Tokyo Electric Power Co., operator of the embattled Fukushima No. 1 nuclear power plant, declared early this year that it will not repay radioactive cleanup costs in Fukushima Prefecture, forcing taxpayers to shoulder the burden, The Asahi Shimbun has learned.
The government, which did not release TEPCO’s statement, apparently accepts the refusal, in a tacit understanding to prevent the cash-strapped utility from being driven into bankruptcy.
Documents obtained by The Asahi Shimbun through a freedom of information request showed that TEPCO in February made clear its intention not to pay the full cleanup costs.
Under a special measures law designed to deal with radioactive waste, TEPCO is required to pay back costs involved in the decontamination operation that the government shouldered. The government is decontaminating areas around the plant that are highly polluted with radioactive substances.
The Environment Ministry, which is in charge of the cleanup, has asked TEPCO to repay a total of 40.4 billion yen ($415 million).
The utility has repaid 6.7 billion yen to date.
In a document dated Feb. 21 sent to the ministry, TEPCO declined to pay most of the first invoice in November last year.
“The company reached a conclusion that it is too difficult to pay,” the paper stated.
In a reply to the ministry’s request for further explanation on the utility’s refusal to pay, TEPCO listed reasons why it is not repaying the money, totaling 7.4 billion yen for 95 projects, in a document dated Feb. 27.
The total sum the ministry asked the company to pay in that instance was 14.9 billion yen, including the figure in a second bill, involving 118 projects.
TEPCO also suggested that the ministry should consider settling their disagreement over the payment at the science ministry’s center for alternative dispute resolution. The mechanism was set up to mediate between parties that failed to settle compensation claims for damages from the nuclear disaster.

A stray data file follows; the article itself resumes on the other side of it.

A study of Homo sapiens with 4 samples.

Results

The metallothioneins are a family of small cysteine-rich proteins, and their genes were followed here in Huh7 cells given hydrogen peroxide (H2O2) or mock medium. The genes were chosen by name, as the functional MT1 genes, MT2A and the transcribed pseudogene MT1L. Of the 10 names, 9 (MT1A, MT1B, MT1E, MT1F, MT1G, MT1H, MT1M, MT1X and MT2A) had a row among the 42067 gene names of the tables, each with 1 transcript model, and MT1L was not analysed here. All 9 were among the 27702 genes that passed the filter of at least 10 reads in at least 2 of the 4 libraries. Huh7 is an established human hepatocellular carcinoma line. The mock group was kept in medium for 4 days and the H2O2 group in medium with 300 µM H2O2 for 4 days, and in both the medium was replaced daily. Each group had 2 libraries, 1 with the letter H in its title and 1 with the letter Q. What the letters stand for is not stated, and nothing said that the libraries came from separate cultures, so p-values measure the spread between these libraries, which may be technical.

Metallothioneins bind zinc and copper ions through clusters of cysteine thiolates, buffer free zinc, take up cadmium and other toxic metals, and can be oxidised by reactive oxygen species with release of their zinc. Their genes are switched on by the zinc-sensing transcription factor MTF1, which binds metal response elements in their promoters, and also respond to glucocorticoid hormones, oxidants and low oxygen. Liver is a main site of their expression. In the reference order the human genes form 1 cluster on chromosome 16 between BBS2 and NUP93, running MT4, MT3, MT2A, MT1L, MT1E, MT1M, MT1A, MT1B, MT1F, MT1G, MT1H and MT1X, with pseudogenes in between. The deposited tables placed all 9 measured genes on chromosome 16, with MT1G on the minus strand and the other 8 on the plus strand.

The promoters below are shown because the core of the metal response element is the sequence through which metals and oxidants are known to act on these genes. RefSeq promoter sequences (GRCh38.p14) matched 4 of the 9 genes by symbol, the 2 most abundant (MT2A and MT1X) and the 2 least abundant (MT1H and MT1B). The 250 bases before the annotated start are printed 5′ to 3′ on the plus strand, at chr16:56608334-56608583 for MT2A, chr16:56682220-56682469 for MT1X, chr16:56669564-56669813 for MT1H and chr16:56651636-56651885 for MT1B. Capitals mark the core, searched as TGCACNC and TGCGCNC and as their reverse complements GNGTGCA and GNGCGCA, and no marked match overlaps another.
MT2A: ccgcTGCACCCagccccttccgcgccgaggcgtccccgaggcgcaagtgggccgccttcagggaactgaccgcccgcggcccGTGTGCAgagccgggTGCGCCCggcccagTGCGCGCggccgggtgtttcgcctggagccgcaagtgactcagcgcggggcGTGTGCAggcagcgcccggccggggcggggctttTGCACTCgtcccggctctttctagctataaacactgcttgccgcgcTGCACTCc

One of the payments TEPCO declined to make is 105 million yen to fund an Environment Ministry preliminary survey ahead of the construction of interim storage facilities to hold radioactive soil removed and other waste in the decontamination effort.
The company refused to pay, saying, “A preliminary survey and other studies are part of the projects that the government should undertake in accordance with its policy line.”
TEPCO also refused to pay 440 million yen for an experimental program that assesses the effectiveness of new decontamination technology and 960 million yen for public relations efforts.
“These steps are not based on the special measures law,” it said.
The Environment Ministry argued in a paper dated March 1 that, “How to interpret the special measures law is within the jurisdiction of the government, and TEPCO has the responsibility of paying.”
But the ministry has yet to take any steps to settling the dispute at the science ministry’s center for alternative dispute resolution. According to one estimate, the cleanup cost will total more than 5 trillion yen.
But TEPCO’s refusal so far to pay the full amount involved in cleanup, and the government's failure to force the payment, showed that there is a tacit understanding between the two parties to prevent the utility from going into bankruptcy.
TEPCO crafted its rebuilding plan on the premise of receiving up to 5 trillion yen in financial assistance from national coffers. But the plan has effectively fallen apart.
The company expects to pay a total of 3.8 trillion yen in damages to affected residents. As of the current fiscal year alone, the government has set aside 1.3 trillion yen for the decontamination operation.
Many experts say they suspect that TEPCO is waiting for the government to finally decide to inject taxpayer money into the decontamination operation by continually refusing to repay the costs the government covered.
Meanwhile, some lawmakers within the ruling Liberal Democratic Party are now calling on the government to pick up the cleanup tab on behalf of TEPCO. The industry ministry welcomes the proposal.
On the other hand, the Finance Ministry wants the utility to pay the decontamination costs out of its revenues from increasing electricity rates.
(This article was written by Shinichi Sekine and Toshio Tada.)